Google looks at hyphens in URLs as word separators while an underscore in your url will not be recognized. This means using hyphens makes it a lot easier for Google to figure out what a page is referencing to. Here is an example, a URL containing the phrase “reverse_enginner” would be interpreted as “reverseengineer” instead of “reverse engineer”.
Google offers an in detail explanation regarding optimized URL structure and the use of underscores in urls in the Google Search Console Help guidelines called “Keep a simple URL structure“.
Matt Cutts explains the reason why Google do this in the Webmaster help video below.
Note: Whilst this video is old, it is still relevant in 2020.
Underscores in URLs aren’t recognized by Google, a URL containing “reverse_engineer” will look like “reverseengineer”. A URL containing “reverse-engineer” will be interpreted as “reverse engineer”. Why does this matter? It matters because “reverse engineer” is easier for Google to interpret, making it appear more relevant to queries about the “reverse engineer” topic (“how to reverse enginer”, “what is reverse engineer”, and so on).
The easier it is for Google to read and interpret / understand the URL, the easier it is to determine its relevance for a search query.
Here is an example:- Say you are looking to create a page for what is reverse engineering. You can choose between two URL structures:
what-is-reverse-engineering. If you select the first option, Google will only see “whatisreverseenigineering”, which will be harder for google and other search engines to understand.
Option two, “what-is-reverse-engineering” will look like a normal sentence, and in turn will be relevant to a broad variety of searches:
As an added bonus for URLs using hyphens, any links using the URL as anchor text will also be interpreted as including keywords in the anchor text. They are also easier for users to read, as underscores can easily be mistaken for spaces, leading people to type in the wrong URL when trying to visit your site. Using hyphens in urls is the way forward.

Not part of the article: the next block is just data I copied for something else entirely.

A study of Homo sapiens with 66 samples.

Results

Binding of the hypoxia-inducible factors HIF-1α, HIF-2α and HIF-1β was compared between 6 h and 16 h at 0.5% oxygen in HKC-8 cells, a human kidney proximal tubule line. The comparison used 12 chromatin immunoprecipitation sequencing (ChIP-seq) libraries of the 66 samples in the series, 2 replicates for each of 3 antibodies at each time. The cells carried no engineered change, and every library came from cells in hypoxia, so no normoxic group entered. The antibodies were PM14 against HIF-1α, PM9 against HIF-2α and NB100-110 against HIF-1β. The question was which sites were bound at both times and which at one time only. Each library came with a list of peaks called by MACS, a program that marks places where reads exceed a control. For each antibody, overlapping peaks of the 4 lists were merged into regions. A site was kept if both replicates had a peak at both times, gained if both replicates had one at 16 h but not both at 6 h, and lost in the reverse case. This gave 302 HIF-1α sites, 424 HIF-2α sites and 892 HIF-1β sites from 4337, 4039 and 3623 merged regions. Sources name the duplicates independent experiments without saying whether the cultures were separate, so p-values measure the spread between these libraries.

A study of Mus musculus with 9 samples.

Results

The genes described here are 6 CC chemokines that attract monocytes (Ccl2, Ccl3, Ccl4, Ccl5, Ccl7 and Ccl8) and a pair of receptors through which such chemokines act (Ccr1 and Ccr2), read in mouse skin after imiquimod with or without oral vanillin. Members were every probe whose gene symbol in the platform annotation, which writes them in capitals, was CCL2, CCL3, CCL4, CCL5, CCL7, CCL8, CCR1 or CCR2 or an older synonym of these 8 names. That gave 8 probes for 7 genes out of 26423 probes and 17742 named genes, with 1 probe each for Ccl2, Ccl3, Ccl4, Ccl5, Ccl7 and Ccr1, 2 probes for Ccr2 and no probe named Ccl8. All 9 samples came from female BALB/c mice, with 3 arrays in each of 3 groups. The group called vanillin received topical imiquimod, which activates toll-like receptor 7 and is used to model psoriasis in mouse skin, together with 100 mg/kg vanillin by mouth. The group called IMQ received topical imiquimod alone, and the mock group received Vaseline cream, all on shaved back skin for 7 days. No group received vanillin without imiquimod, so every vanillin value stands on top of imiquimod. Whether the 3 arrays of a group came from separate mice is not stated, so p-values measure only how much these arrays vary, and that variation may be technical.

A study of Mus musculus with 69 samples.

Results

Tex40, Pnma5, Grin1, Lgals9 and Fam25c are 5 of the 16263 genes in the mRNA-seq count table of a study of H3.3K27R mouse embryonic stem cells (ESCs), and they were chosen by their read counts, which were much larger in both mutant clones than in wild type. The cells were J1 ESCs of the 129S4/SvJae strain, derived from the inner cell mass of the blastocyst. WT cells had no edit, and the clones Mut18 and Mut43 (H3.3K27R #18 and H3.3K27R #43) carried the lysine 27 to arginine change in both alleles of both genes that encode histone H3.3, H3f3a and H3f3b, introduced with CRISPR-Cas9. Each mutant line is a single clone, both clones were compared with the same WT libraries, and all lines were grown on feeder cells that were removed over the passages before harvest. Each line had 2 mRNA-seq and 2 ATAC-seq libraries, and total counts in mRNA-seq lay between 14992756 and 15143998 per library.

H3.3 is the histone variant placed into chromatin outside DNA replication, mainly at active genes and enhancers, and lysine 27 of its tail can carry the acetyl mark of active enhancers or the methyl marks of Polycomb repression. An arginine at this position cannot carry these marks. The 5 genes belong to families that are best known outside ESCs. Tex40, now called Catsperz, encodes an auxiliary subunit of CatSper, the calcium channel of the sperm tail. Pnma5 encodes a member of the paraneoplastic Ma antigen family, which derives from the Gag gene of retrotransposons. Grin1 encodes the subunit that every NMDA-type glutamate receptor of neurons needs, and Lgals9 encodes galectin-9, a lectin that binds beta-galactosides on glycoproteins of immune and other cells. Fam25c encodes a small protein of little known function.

Punctuation is not a ranking signal, it is only used to read and interpret a URL when indexing. If you are currently using underscores in your URLs and you are getting the ranking results you require then there is no need to change them.
If you were to jump and change to hyphens in your URLs then you could see a short term ranking loss as Google will need to reindex and interpret the new URL structure when it recrawls your website and associated pages.
You can check out this Webmaster Hangout where John Mueller where he advises against redirecting URLs just to resolve your underscore vs hyphen issues
Check out this example and Wikipedia. Wikipedia is a perfect example of a domain that uses underscores in all of its URLs, but consistently dominates SERPs for informational searches and then some. Here is the example: below you will see an image of a SERP on a search for London Buildings. You will see the first result is Wikipedia. Look at all the underscores in its URL!
Now check out the SERP:
Wikipedia’s on-page optimization, off-page signals and overall domain authority are so strong that underscores in its URLs do not have much of an impact on its page rankings. If you are using underscores in your URLs and not seeing results that you would like then use 301 redirects to move to a URL structure using hyphens.
If your page “example.com/reverse_engineer” isn’t ranking very well, change your URL structure to use hyphens, and then publish the page at “example.com/reverse-engineer. Set up a 301 redirect to send all humans and crawlers to the new URL. Just remember, the url structure may not be the only reason why your page is not ranking that well so don’t jump to conclusions to soon. Ensure you do a full analysis of the whole page, the keyword or phrase you want to rank for and what your competitors are up to. You may well find you that it could be something you haven’t considered.